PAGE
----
Canberra – a well deserved rise to fame
The Canberra District is a small wine region in the ACT (Australian Capital Territory), with very blurred lines separating it from nearby regions in surrounding New South Wales like Hilltops, Lake George and even Tumbarumba. Partly these regions are conflated because they share similar climate, and are growing from obscurity at a similar time.
Among these regions, the Canberra District has the strongest growth, but it’s still tiny. Official pages cite 30+ wineries, but I think they may be crossing some of the above blurred lines to get that number.
Yet despite the not-quite fledgling status of the region, Canberra has a strong reputation. In fact it’s quickly becoming a very badly kept secret. The reason for Canberra’s growth is quality. There are no big producers here, and the total output would be a small drop in the large vat of Australia’s national production. But the quality and uniqueness of the wines is attracting a lot of attention.
There’s a somewhat useful map at canberrawines.com.au, but I was hoping for something a bit more artistic than a google map overlay.
So this blog is “Code and a glass of wine”, but really there’s not much wine on here. It’s a complaint I hear often from my fans. It’s time to fix this.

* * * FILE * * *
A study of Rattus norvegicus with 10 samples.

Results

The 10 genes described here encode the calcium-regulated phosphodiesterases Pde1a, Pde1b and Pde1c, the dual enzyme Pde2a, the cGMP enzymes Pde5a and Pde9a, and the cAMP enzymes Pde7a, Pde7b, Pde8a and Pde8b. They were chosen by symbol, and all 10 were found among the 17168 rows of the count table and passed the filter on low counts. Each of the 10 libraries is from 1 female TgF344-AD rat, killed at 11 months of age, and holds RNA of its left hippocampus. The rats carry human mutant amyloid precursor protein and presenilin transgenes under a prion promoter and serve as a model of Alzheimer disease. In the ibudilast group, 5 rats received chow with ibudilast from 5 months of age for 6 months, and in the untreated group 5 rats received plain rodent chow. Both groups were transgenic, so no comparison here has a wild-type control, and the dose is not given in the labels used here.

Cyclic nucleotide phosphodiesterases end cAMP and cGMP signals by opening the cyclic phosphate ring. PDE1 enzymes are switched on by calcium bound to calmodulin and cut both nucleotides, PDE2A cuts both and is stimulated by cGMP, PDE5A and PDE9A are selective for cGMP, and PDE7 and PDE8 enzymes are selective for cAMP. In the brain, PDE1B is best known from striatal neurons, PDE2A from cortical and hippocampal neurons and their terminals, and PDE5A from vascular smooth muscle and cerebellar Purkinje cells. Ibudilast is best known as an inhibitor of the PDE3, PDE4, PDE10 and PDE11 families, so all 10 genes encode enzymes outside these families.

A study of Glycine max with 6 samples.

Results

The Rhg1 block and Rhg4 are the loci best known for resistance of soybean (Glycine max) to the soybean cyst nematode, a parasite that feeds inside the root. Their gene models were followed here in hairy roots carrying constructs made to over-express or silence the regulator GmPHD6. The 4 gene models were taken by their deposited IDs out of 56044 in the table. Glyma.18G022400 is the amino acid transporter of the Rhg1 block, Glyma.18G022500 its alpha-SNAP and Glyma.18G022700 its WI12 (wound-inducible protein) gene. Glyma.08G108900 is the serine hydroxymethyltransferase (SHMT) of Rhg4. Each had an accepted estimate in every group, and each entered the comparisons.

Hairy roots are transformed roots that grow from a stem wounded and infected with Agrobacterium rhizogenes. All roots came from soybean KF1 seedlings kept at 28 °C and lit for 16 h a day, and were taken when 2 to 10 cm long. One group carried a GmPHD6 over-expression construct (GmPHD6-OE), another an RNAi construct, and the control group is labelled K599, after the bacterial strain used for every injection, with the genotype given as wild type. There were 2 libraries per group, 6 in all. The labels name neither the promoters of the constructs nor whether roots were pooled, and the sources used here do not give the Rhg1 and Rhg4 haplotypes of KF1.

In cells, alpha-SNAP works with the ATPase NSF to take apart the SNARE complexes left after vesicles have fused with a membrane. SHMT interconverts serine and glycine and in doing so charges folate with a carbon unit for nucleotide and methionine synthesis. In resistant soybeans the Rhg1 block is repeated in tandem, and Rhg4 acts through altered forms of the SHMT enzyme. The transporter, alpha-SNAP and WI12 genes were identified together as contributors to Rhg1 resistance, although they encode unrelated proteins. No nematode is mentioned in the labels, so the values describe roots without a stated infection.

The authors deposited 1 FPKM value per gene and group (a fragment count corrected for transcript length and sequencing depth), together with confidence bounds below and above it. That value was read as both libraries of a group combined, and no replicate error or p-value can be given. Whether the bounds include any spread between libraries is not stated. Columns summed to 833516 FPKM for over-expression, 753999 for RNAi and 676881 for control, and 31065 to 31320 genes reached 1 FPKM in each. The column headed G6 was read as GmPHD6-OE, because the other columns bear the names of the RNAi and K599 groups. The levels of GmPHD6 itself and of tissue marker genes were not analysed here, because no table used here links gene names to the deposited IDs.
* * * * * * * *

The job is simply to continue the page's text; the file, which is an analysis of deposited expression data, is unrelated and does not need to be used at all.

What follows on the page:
One of the things I love doing most is travelling, and one of my favourite types of holiday is a wine holiday. Just in case that term is making you anxious, this is a holiday where you go to a wine region, not a holiday away from wine (that’s not a holiday, it’s a punishment).
The wine world is huge
Over time I’ve visited quite a few wine regions in various countries:
- France – Bordeaux, Burgundy, Loire Valley, Champagne, Alsace
- Australia – Hunter Valley, Barossa Valley, Coonawarra, Canberra, Tasmania, Yarra Valley, Pyrenees
- USA – Napa Valley, Sonoma Valley, Willamette Valley, Walla Walla
- Argentina – Mendoza
Though it’s a decent list, it’s also only scratching the surface. There are lots of regions and even wine producing countries I’ve never been to, and even in the regions I have been there are many producers and sub-regions still on the to-do list. The more you dive into wine, the more you realise there is left to explore.
The huge and changing range in the wine world is actually the best part, because there’s so much new ground to expand your wine horizons into – you’re never finished. Visiting wine regions is a great way to find something new you love about wine. It’s also a great way to build a diverse collection of interesting wines, and expand the range of wine you’re confident buying back at home.